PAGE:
ATHENS – Already dealing with a measles outbreak, Greek health authorities now have a soaring number of West Nile virus cases spread by mosquitoes, some 107 that have resulted in 11 deaths this year, the Center for Disease Prevention and Control (KEELPNO) said.
Six of those died in the week leading up to Aug. 23, with all the victims over 70 years old, a period during which 30 cases were reported, said Kathimerini.
According to KEELPNO’s weekly report, more virus infections are expected in the coming period.
“Further cases are expected to be diagnosed in the coming period and West Nile virus infections are likely to occur in other geographical areas,” it said. The higher levels of infections compared to the previous five years are indicative, critics say, of a lack of preparation on behalf of state authorities.
KEELPNO said the first cases of human infections in Greece were reported in late May and early June but only recently began to spike and that 42 municipalities have been affected, including in the western and central areas of Athens and Piraeus as well as in northern Greece in Viotia, Evia, Corinth and on Crete in Rethymno.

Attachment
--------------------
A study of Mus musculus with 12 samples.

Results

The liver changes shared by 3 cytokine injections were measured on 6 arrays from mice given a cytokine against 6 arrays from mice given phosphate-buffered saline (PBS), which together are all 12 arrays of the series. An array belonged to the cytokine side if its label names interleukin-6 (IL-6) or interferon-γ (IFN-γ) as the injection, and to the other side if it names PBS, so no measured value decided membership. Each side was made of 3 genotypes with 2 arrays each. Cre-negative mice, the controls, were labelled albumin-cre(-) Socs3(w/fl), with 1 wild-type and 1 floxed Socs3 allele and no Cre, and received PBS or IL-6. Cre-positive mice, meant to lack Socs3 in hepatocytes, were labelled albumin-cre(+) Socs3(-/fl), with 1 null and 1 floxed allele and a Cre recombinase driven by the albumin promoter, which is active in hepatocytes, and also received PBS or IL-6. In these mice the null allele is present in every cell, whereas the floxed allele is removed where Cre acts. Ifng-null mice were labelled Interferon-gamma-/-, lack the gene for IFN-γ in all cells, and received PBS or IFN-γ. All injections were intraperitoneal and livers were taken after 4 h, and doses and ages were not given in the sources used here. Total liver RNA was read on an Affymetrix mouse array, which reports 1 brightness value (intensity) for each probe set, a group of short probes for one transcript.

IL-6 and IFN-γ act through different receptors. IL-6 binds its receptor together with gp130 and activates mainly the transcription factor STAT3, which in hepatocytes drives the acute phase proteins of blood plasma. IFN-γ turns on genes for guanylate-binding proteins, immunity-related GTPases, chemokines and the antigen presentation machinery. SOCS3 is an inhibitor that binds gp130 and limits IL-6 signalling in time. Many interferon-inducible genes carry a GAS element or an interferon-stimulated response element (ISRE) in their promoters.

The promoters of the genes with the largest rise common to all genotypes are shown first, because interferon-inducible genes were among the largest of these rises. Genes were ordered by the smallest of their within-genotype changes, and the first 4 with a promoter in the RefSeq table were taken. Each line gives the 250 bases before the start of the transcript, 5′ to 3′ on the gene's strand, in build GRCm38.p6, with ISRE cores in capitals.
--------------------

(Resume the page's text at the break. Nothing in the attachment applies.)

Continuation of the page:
Giorgos Patoulis, President of Greece’s Union of Municipalities and Communities (KEDE), called for a national action plan and said “public health is in danger” now.
“The number of deaths has risen to 11, the virus has spread to 42 areas and of the 107 reported cases most are in Attica,” he said with Greece third in Europe in the number of cases behind Serbia and Italy and with concerns from the World Health Organization (WHO).
Patoulis said the Attica Regional Authority hasn’t acted fast enough and the fumigations were only now taking place in northern Athens.
The infection shows symptoms including fever, headache, tiredness, body aches, nausea and vomiting, as well as skin rashes and swollen lymph glands.
According to KEELPNO, 88 of the 107 infected people suffered serious conditions related to the central nervous system – encephalitis and, or, meningitis – while in the other 19 cases they developed fevers. The age of those infected has ranged from 11 to 94.